Perhaps the most successful sequel to a film based on a credit card advert. While Johnny English Reborn is a film about a bumbling English spy (Rowan Atkinson) that spoofs the British spy genre, it’s a movie made very much with the international audience in mind. To that end, the humour is more Mr Bean than Blackadder. The main plot involving a mind control conspiracy is a complete shambles, designed to move Atkinson between situations and locations where he can mistakenly beat up on old women or accidentally destroy government property. At the age of 56, Atkinson’s ability to play slapstick is still intact. In a scene where Johnny messes about with a hydraulic chair during a meeting with the PM, the bits of physical shtick he pulls off are as good as anything he’s done before. Johnny English Reborn is very broad and not sophisticated in the least, but that makes it almost perfect for uncontroversial family viewing.
Based on a true story, Dolphin Tale follows the growing friendship between Sawyer, a quiet young boy and the dolphin he rescues. Having lost her tail in a fisherman’s trap, Winter the Dolphin is brought to a marine hospital run by Harry Connick Jr and his family. The plot follows Sawyer’s journey as he works to help Winter, roping in the support of prosthetic specialist Morgan Freeman. The seasoned adult cast help to smooth over the saccharine plot and typically hammy performances from the child actors. Freeman’s presence, as always, add an immeasurable amount of gravitas to the movie. But in the end, it’s the feel-good story that will win over even the most stone-hearted of adults.
Based on the story by Roald Dahl, The Witches is a film that has left an indelible mark on the psyche of every child who saw this in the 90s. Luke, a young boy, goes on holiday to Cornwall with his Norwegian grandmother. Once there, he accidentally stumbles onto a conference of witches posing as the RSPCC. Adults will enjoy the Jim Henson-created puppet effects and the bizarre humour that’s brought to life by British auteur Nicolas Roeg (Don’t Look Now, The Man Who Fell to Earth) while children will enjoy the plucky hero and the genuine scares. It can be quite an intense movie at times, but children over 8 will probably be old enough to deal with it and appreciate it. This is highly recommended family viewing!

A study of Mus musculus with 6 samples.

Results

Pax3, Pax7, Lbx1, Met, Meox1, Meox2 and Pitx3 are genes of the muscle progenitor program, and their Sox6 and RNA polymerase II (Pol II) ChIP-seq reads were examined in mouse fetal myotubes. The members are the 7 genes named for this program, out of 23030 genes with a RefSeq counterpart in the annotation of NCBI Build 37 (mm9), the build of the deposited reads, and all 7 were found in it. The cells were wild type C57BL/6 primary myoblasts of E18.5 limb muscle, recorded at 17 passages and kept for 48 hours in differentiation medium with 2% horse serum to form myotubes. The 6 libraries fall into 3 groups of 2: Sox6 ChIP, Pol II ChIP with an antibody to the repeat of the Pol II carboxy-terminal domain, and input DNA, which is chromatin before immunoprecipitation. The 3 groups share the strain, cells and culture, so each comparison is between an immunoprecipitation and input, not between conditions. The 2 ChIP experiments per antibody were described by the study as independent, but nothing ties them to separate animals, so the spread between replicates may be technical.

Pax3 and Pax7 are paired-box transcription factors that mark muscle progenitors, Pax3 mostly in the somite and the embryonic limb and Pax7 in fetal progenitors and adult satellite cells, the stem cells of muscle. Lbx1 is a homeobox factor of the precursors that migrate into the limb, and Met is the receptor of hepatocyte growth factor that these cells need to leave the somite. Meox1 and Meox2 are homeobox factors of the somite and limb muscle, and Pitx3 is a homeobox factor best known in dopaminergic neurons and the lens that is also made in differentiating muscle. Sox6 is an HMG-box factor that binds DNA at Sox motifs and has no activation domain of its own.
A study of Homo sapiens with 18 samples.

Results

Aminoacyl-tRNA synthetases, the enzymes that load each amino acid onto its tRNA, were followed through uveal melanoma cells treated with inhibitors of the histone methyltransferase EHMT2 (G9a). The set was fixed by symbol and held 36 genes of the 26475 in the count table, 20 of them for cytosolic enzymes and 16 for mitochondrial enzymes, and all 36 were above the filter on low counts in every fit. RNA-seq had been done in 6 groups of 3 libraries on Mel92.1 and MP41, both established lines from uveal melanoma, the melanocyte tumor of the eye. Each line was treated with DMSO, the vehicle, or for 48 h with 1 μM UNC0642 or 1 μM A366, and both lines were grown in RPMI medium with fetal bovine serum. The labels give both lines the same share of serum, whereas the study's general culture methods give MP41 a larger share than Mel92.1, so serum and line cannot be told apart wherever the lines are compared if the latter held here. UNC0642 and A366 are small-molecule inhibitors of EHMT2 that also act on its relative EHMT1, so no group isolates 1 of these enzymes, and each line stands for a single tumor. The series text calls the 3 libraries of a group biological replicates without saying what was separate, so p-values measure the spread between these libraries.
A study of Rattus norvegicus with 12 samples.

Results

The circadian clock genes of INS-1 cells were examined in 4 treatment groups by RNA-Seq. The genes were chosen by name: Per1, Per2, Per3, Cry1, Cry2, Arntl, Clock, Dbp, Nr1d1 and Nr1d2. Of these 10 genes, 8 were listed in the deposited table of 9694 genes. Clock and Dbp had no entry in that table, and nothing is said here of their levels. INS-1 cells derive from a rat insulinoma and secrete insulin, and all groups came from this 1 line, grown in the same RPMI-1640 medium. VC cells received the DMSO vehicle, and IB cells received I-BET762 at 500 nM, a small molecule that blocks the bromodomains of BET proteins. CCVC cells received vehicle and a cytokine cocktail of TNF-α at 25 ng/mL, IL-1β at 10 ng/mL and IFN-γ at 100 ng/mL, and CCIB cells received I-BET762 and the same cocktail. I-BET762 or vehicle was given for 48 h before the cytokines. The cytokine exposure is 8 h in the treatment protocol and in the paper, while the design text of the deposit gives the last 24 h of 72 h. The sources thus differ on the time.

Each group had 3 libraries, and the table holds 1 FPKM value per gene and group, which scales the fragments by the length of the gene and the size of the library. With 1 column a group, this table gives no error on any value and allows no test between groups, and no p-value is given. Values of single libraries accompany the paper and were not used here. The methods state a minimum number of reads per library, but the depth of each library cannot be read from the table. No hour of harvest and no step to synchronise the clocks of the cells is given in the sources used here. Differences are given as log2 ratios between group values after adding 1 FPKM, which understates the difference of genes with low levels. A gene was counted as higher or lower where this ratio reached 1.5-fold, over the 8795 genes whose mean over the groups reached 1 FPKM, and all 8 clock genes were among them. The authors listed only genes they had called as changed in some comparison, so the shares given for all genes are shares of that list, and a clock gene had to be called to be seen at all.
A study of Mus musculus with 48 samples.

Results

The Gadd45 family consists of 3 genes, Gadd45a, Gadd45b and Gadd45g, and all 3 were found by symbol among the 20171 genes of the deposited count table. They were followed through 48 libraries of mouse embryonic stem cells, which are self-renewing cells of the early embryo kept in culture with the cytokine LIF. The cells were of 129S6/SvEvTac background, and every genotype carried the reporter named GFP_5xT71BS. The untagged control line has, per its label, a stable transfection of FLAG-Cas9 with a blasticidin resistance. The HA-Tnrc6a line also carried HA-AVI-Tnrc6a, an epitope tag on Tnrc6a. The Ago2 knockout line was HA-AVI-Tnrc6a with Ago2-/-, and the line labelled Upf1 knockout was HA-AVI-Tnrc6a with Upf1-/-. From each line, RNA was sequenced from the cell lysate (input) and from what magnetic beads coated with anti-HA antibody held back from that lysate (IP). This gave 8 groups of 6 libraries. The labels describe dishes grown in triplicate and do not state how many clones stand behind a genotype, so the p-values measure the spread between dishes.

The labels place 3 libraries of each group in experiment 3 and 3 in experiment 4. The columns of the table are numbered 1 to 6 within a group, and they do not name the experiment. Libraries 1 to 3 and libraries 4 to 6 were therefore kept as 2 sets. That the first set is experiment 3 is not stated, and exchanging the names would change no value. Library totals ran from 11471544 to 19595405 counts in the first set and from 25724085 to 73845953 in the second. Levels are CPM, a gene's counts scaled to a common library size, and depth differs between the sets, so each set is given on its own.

A sick man touches a handrail in Hong Kong; a Japanese businessman in First class coughs and puts down his plastic glass; a young boy in Minnesota wipes his nose and pushes the door at his primary school. Steven Soderbergh’s newest film features many sequences and incidents as seemingly innocent as these but when the enemy is a virus, every sniffle and wheeze is as ominous as a teenager heading out to the lake alone in a slasher pic.
Contagion makes no secret of being influenced by the recent health scares with Avian Flu and Swine Flu and makes compellingly realistic case for how we as a society would handle such a situation. The all-star cast featuring Matt Damon, Gwyneth Paltrow, Marion Cotillard and Kate Winslet put in restrained performances that hammer home the potential reality of this threat. Contagion is a thrilling as any horror film you’re likely to see this year and will have you thinking twice about what you touch next time you’re out on the streets.